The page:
Final analysis shows Pfizer's COVID-19 vaccine is 95% effective, reports say
Posted at 8:04 AM, Nov 25, 2020
and last updated 2020-11-25 12:33:35-05

CORPUS CHRISTI, Texas — It may be only weeks before local health officials begin vaccinating for COVID-19. The U.S. Department of Health and Human Services confirmed on Wednesday that the Food and Drug Administration will meet on December 10 to review possible emergency use authorization for Pfizer's vaccine.

Health officials are optimistic it will be approved. Moderna and AstraZeneca are expected to follow soon after. The HHS says the distribution of the vaccines could begin within a day of approval.

During a press conference on Wednesday, Nueces County Health Director Annette Rodriguez said her team is currently microplanning mass distribution.

"Microplanning is planning the minute details of how the vaccine will be distributed officially and safely," said Rodriguez.

The Health District will vaccinate healthcare workers first. The distribution is set up in phases with workers positions and vulnerability to infection guiding who among this group will be given the first of two dosages of the vaccine in December.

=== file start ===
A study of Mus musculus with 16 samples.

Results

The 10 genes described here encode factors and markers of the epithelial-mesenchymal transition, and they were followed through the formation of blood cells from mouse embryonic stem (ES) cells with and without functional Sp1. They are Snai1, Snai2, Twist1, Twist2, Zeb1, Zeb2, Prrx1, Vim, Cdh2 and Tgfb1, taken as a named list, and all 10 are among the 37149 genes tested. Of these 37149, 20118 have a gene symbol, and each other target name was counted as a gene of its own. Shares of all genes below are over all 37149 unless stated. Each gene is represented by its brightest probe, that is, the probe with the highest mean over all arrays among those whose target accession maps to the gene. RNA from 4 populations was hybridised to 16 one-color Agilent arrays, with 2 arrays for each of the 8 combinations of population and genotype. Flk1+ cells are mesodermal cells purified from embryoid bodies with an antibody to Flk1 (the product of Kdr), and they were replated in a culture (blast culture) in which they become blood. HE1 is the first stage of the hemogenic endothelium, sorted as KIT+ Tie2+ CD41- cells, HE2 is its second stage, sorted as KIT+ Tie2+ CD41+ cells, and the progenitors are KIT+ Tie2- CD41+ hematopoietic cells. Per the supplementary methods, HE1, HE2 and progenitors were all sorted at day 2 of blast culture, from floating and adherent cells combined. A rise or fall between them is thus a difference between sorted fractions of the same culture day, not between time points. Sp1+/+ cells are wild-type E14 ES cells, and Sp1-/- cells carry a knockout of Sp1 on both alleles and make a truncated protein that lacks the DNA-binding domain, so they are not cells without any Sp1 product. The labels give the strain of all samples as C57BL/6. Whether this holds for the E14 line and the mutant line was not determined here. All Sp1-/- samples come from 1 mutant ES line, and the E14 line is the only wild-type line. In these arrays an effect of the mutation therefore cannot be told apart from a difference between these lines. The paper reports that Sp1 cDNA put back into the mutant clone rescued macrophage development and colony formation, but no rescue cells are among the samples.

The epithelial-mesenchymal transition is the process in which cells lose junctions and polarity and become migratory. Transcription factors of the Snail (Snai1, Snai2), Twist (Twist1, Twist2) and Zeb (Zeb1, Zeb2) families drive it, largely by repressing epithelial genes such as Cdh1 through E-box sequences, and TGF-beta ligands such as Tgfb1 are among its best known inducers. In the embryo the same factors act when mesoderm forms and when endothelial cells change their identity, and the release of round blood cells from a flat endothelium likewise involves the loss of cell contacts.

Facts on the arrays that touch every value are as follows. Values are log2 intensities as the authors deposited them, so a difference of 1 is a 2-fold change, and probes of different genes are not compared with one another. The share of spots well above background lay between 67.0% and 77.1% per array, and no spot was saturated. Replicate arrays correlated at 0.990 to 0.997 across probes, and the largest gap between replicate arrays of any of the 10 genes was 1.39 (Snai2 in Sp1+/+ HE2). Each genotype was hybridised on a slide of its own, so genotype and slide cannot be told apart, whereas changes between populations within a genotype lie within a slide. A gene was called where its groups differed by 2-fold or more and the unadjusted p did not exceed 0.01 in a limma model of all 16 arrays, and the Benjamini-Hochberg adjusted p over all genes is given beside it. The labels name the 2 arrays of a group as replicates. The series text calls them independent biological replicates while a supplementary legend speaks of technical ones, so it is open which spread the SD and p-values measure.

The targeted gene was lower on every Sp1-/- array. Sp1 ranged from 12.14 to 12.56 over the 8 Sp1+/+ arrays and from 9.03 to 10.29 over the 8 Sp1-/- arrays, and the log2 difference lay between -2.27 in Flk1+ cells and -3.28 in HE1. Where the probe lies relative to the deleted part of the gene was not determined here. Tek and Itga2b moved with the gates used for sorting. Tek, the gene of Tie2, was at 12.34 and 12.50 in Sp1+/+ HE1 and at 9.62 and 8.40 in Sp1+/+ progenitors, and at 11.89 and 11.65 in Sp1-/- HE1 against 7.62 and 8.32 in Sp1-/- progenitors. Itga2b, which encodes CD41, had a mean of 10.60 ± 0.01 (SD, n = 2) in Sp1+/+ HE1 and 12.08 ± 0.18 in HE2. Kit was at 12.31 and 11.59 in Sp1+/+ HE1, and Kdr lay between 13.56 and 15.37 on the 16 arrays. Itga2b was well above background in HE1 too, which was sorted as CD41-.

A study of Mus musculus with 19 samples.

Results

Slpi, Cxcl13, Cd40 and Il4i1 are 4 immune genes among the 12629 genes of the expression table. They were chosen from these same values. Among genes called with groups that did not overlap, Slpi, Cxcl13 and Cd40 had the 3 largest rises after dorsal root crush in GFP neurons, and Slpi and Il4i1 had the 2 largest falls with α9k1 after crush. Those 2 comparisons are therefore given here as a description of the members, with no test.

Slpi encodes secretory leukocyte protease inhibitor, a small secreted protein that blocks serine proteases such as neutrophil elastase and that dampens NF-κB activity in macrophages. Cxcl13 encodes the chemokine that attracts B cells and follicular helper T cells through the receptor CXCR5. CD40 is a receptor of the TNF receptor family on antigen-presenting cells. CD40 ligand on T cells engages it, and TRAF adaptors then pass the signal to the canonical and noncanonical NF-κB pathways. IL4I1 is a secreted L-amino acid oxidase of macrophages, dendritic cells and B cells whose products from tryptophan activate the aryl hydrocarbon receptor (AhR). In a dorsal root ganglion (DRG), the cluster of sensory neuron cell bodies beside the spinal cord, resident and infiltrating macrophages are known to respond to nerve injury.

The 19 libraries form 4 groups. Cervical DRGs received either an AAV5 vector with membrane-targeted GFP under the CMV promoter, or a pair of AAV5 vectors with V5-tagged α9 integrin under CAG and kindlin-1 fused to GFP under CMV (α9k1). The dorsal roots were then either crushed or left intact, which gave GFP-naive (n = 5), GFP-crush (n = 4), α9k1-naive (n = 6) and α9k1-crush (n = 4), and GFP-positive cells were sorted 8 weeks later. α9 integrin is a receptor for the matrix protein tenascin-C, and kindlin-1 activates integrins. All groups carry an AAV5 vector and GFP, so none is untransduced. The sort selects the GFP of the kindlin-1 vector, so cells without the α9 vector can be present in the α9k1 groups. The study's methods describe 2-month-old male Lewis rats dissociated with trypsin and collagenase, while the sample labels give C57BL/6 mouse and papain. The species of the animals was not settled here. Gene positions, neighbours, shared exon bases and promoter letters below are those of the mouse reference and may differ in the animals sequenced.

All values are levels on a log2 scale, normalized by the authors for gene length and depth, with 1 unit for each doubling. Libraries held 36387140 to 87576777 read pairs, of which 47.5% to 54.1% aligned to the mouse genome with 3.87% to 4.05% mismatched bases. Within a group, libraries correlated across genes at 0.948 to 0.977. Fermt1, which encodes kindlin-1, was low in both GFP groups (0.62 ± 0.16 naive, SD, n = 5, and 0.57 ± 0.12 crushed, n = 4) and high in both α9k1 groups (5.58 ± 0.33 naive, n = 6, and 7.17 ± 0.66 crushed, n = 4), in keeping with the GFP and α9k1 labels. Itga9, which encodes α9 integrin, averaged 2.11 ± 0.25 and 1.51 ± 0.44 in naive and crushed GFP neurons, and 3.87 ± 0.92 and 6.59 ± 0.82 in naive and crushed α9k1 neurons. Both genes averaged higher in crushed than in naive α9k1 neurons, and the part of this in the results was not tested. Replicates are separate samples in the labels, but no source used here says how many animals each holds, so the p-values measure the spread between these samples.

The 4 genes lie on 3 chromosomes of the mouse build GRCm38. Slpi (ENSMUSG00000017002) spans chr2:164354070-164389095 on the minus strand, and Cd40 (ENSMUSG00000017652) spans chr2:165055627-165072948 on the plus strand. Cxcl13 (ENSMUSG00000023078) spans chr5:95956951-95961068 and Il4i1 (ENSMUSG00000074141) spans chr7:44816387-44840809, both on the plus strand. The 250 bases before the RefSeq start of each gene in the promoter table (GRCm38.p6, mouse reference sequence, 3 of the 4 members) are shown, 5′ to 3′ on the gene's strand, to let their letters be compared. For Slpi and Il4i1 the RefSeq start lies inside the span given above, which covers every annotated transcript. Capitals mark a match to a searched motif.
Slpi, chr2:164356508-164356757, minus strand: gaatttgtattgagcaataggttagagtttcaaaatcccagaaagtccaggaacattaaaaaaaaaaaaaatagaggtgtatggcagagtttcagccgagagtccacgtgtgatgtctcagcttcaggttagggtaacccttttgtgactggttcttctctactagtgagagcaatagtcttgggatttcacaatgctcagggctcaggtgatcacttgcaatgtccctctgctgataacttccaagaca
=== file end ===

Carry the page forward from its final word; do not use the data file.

The healthcare workers listed under Phase 1 A Tier 1 are as follows:

Group 1 includes hospital staff working directly with patients who are positive or at high risk for COVID-19. This includes doctors, nurses, respiratory therapists, and other support staff like custodians and clinical staff.
Group 2 includes long term staff working directly with vulnerable residents such as nursing homes and state-supported living centers.
Group 3 includes EMS providers who engage in 911 emergency services.
Group 4 includes home healthcare workers including hospice care.

Once those groups have received vaccinations, groups in Tier 2 will get their first dosage.
This group consists of the following:

Group 1 is staff in outpatient offices such as doctors, nurses, clinical staff and non 911 transport teams for routine care.
Group 2 is staff at free standing emergency medical centers and urgent care clinics.
Group 3 is community pharmacy staff who provide direct services to clients.
Group 4 is public health and emergency response staff who are directly involved in administering COVID-19 testing and vaccinations.
Group 5 is made up of last responders who provide mortuary or death services to decedents. This includes embalmers, funeral home workers and medical examiners.
Group 6 is school nurses.

Depending on which manufacturer/brand a person gets, a second dosage will be required either 21 days or 28 days apart. According to federal health officials, the general public may still be looking at April before getting a first dosage of a vaccine.